Aug. 24, 2006
Special to World Science
Updated Aug. 25
Astronomers from across the globe meeting in Prague adopted a new definition of “planet” Thursday. But the wording excluded Pluto, a member of the club of Solar System planets since its discovery in 1930. And some researchers criticized the definition as
The decision follows years of growing frustration among scientists
over the lack of a definition. New findings have made it increasingly
obvious that traditional notions of “planet”—usually described as a large, round body orbiting a
star—are too fuzzy to be of much use.
Pluto in a computer
reconstruction of Hubble Space Telescope data.
Some asteroids are almost as large and round as planets. And some planets are almost large and hot enough to be considered a type of star called a brown dwarf.
After tumultuous debate in Prague, the prestigious International Astronomical Union
voted to define a planet as a celestial body that orbits the
sun; is massive
enough for its self-gravity to pull it into a ball shape; and “has cleared the neighbourhood around its orbit.”
Advocates of the wording argued that a
planet must be the dominant object in its neighborhood.
This definition leaves eight planets in our Solar System, astronomers said: Mercury, Venus, Earth, Mars, Jupiter, Saturn, uranus and Neptune. Pluto is out because its oblong orbit overlaps with that of larger Neptune.
The decision at a conference of 2,500 astronomers was a stark shift from a week ago, when the organization leaders floated a proposal that would have reaffirmed Pluto’s planetary status and made planets of its largest moon and two other objects. That plan proved unpopular.
The guidelines ultimately adopted also didn’t sit well with researchers who still hold that Pluto is a planet. But they offered some solace by creating a category of “dwarf planet,” which includes Pluto. This classification is similar to the planet category but comprises those objects that have not cleared their orbital neighborhood.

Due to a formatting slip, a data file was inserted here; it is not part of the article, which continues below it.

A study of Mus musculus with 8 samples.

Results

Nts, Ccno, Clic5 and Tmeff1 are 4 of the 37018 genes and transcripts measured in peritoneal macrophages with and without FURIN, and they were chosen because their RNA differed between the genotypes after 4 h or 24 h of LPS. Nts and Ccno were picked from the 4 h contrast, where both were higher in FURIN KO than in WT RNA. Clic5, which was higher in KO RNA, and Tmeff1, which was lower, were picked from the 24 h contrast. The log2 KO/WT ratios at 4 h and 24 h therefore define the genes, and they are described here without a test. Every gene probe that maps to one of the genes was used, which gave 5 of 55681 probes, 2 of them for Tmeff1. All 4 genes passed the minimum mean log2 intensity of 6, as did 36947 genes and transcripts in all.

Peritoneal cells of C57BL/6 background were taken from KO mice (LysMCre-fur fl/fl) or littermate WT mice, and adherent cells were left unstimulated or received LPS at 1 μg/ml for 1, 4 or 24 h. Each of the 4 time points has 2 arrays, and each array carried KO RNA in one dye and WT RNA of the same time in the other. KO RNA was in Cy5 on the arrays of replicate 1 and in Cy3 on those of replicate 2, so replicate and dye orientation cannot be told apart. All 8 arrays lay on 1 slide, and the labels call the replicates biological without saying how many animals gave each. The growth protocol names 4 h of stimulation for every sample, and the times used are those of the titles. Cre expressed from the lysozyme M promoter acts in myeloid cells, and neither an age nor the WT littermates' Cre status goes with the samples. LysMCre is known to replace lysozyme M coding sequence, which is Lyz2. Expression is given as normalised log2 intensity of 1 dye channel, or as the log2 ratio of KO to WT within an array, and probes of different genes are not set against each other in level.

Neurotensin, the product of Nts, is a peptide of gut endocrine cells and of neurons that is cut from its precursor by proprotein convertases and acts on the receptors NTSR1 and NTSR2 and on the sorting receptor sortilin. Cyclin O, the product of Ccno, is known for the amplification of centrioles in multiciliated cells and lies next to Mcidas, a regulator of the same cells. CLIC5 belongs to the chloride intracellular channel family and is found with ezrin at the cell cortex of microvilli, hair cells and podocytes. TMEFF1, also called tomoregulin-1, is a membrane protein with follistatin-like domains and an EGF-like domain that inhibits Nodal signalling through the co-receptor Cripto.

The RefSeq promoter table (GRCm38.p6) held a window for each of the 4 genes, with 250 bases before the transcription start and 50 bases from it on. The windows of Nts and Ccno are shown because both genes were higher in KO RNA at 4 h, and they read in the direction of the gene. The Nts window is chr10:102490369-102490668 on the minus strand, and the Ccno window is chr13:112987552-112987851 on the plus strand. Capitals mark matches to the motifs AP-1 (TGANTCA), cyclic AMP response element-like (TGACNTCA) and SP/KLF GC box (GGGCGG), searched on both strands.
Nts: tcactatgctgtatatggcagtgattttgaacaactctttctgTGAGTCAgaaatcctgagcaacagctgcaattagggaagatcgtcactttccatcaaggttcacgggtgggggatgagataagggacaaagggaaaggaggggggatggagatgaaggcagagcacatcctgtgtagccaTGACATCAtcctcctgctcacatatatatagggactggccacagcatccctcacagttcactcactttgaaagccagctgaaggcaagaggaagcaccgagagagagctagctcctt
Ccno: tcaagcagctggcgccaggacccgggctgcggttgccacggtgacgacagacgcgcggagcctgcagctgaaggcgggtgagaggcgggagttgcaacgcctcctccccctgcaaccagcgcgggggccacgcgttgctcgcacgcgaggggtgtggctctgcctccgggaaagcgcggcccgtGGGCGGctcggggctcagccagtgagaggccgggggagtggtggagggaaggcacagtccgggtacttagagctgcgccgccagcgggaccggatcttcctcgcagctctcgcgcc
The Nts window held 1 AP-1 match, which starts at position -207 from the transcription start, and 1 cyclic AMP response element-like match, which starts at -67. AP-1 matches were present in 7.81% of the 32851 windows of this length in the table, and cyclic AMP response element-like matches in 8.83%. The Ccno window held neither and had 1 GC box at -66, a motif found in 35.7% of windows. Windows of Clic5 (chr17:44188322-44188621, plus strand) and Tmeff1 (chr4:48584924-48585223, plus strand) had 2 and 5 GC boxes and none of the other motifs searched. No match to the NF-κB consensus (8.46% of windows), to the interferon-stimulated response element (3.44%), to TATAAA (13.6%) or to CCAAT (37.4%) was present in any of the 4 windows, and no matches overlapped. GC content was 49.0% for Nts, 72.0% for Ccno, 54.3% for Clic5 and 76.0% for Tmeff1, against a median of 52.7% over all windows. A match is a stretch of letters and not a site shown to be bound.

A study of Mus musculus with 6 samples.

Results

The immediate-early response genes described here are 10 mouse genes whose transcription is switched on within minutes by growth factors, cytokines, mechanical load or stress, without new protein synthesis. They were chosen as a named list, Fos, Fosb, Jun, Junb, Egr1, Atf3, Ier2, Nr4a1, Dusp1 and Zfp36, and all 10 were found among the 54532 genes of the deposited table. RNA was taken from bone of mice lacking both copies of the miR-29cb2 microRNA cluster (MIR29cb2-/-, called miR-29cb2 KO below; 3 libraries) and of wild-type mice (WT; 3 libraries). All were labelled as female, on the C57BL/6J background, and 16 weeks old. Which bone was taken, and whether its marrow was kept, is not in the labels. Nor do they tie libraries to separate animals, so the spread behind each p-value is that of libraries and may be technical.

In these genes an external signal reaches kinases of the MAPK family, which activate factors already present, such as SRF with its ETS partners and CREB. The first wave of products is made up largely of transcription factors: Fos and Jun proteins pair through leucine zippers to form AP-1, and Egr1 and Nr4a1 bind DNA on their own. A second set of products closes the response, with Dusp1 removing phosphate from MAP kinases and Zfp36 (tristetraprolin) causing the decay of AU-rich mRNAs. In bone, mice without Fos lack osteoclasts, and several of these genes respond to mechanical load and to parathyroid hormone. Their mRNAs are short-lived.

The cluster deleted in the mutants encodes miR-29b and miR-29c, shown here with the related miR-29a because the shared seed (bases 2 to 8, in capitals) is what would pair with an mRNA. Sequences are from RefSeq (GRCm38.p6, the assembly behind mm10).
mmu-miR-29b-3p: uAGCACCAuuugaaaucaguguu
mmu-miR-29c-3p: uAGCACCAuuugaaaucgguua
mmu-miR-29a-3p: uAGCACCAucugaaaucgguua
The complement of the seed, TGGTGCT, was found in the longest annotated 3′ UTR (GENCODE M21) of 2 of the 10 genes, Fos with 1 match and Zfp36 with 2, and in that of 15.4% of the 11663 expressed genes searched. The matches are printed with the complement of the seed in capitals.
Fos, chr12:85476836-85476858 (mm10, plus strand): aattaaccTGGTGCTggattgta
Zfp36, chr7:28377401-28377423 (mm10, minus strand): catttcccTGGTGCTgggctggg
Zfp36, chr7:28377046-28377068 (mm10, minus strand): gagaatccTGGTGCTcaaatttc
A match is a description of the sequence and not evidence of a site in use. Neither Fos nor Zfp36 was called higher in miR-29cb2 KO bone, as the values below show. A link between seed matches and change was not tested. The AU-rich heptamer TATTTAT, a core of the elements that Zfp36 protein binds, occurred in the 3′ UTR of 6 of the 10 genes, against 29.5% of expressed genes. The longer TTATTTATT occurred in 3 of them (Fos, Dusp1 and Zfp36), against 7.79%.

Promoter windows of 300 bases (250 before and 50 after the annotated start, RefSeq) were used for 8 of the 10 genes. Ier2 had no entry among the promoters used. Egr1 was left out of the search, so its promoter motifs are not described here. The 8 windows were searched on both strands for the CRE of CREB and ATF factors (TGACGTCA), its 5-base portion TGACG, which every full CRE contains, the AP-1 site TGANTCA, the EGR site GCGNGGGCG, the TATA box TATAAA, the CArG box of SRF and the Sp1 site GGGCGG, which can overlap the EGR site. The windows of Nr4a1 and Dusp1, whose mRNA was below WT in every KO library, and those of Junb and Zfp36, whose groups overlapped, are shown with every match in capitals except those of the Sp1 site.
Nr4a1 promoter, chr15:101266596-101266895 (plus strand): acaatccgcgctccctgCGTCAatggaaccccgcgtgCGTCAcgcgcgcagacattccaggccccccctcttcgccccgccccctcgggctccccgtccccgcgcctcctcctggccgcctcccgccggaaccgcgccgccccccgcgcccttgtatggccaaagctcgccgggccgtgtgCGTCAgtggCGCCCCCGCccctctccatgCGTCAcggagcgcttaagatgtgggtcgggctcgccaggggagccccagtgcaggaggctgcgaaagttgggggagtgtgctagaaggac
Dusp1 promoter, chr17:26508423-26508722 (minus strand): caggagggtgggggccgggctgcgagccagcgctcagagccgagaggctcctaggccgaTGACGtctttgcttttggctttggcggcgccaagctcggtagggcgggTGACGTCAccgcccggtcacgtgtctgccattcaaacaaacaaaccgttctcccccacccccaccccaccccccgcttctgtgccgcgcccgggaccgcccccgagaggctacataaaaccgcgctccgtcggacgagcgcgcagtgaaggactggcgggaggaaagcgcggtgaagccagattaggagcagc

The dwarf category is to include also the asteroid Ceres, considered a planet in the 1800s before it got demoted; and 2003 UB313, nicknamed Xena, an
icy object slightly larger than Pluto.
“The classification doesn’t matter. Pluto—and all Solar System objects—are mysterious and exciting new worlds that need to be explored and better understood,” Louis Friedman, executive director of the Planetary Society in Pasadena, California, told the BBC News.
The decision settles a controversy over whether Xena would rise to planetary status, said Mike Brown of California Institute of Technology. Brown and colleagues announced Xena’s
year. “I’m of course disappointed that Xena will not be the tenth planet, but I definitely support the IAU in this difficult and courageous decision,” said Brown.
“It is scientifically the right thing to do.”
Not all astronomers agreed. Besides those who insist Pluto is a planet, others complain that the new definition is still muddled.
“What exactly is meant by a planet ‘clearing its neighborhood?’ said Hal Weaver of Johns Hopkins university in Maryland.
Debate may also continue because, although the new definition is meant to distinguish planets from smaller bodies, it didn’t take on the question of how to separate super-large planets and stars. That question doesn’t affect the classification of planets in our Solar System, but will be relevant to some others.